April 5, 1986

BRUSSELS, Begium (AP) _ As many as 145 million children in Third World and industrialized nations work, yet child labor exploitation remains shrouded behind ″a wall of silence,″ according to a trade union report published this week.

The world’s largest non-communist trade union group, the International Confederation of Free Trade Unions, said the practice wrecks the children and the economies of developing nations, where child labor exploitation is most prevalent.

″By beginning work too early, child workers destroy their chances of becoming energetic, healthy workers,″ the report said. ″No developing country hoping to build a modern economy can achieve its potential growth without an energetic and healthy work force.″

The ICFTU report, called ″Breaking Down the Wall of Silence. How to Combat Child Labor,″ said in India alone, over 15 million of the 230 million children work, or 5 percent of India’s labor force.

In Africa and the Middle East, the report set the figure at 16 million. Statistics for Latin America were not complete but Brazil had 3 million child workers.

″Vicious forms of child labor exploitation are neither isolated or confined to one particular continent or country,″ the Brussels-based ICFTU said.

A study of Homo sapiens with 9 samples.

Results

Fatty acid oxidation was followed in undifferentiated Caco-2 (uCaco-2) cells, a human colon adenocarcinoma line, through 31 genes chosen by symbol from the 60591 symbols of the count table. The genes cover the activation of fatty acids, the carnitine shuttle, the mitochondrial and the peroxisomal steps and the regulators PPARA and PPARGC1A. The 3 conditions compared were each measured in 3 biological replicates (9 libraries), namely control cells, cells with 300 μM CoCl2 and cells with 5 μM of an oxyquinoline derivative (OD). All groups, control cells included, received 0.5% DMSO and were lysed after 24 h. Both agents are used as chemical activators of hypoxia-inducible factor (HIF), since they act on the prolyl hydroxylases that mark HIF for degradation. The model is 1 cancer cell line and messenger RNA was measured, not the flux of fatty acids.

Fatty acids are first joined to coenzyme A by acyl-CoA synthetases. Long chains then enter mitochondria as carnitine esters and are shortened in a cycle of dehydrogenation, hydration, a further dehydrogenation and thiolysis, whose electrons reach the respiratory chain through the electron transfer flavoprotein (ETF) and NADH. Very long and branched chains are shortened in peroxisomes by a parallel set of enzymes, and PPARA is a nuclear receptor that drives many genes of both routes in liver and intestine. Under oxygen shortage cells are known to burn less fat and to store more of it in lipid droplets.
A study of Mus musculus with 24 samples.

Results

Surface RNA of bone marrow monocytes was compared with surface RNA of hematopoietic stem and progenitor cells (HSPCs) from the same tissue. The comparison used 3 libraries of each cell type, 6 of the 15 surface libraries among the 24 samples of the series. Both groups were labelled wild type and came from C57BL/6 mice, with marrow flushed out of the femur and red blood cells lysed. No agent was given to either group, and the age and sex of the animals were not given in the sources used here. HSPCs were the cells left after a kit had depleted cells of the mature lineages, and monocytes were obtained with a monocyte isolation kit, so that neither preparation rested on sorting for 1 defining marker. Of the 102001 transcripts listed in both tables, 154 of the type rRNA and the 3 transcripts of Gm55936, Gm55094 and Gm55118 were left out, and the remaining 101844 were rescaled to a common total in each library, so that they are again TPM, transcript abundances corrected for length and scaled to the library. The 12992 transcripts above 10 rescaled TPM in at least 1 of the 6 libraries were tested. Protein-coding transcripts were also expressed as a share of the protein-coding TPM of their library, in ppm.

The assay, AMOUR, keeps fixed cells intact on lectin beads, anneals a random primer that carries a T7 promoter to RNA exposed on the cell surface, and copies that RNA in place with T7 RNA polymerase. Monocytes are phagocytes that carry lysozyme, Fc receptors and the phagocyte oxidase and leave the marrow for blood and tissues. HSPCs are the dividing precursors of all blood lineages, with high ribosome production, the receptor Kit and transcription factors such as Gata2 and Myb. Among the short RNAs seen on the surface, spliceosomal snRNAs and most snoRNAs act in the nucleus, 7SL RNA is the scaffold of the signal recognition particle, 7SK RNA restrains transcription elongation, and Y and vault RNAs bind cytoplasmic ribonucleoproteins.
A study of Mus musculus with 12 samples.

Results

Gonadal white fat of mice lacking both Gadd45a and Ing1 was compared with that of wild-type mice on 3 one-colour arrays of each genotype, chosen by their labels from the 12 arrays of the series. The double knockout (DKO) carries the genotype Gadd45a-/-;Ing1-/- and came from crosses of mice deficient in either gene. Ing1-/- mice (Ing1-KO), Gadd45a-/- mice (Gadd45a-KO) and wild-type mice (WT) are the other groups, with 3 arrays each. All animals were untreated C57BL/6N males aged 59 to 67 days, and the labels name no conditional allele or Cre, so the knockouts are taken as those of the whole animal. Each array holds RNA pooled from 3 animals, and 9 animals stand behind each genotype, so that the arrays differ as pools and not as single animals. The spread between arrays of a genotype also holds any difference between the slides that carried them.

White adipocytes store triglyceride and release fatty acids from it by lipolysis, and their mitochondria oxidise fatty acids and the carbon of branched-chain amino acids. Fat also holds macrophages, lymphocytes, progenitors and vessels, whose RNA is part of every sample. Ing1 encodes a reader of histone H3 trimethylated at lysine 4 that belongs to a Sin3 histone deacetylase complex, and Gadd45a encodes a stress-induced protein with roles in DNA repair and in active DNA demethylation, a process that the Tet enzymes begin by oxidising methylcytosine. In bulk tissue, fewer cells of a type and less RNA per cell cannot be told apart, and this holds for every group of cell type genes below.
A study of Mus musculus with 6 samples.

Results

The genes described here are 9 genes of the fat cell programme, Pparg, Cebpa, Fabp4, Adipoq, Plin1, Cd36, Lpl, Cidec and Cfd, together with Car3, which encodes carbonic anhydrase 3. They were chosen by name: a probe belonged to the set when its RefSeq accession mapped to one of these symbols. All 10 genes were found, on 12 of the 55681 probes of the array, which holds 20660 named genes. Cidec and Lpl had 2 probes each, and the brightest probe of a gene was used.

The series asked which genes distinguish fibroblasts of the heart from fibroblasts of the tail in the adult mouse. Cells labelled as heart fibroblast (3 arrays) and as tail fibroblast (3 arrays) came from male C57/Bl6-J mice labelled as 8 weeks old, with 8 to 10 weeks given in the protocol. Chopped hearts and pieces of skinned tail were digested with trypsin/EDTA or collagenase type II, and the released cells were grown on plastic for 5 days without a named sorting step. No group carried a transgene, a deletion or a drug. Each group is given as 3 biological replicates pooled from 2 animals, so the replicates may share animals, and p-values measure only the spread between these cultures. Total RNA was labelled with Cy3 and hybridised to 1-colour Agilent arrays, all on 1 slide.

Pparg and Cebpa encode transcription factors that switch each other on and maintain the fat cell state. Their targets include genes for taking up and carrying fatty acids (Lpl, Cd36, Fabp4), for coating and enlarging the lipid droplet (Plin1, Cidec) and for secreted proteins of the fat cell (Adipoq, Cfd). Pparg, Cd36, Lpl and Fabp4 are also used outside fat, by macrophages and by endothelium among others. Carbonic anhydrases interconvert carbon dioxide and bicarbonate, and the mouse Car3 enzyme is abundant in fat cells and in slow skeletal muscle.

In developed countries, the majority is employed in agriculture. In the United States ″some 800,000 underaged children survive by harvesting crops with their family across America,″ said the report.

It said its figures were compiled from a variety of sources, including the United Nations and labor organizations.

Since many children work illegally, exact figures are hard to compile. The U.N. International Labor Organization estimates between 50 to 55 million children under 15 work. Other organizations put the figure as high as 145 million.

But despite national legislation in most countries barring child labor, ″employers, parents, and in some cases even children, are reluctant to supply information,″ for fear of losing income.

In the Third World, children work as housekeepers, farmers, hunters and prostitutes, the ICFTU report said. If they earn money, it added, they are generally underpaid, mistreated and perform monotonous work in unhealthy environments.

Often, children work up to 15 hours a day. In Brazil, ″nearly half a million children between 10 and 14 years of age work more than 49 hours a week,″ the report charged.

The children suffer because of constant fatigue, over-exertion, lack of hygiene and unhealthy work conditions, the report said. Often, the children remain underfed and undereducated.

With its report, the ICFTU, which groups 82 million trade unionists from 99 countries, called upon ″governments, international bodies and public opinion to ensure a certain effort is made to eliminate child labor..,.″ IFTU General Secretary John Vanderveken said.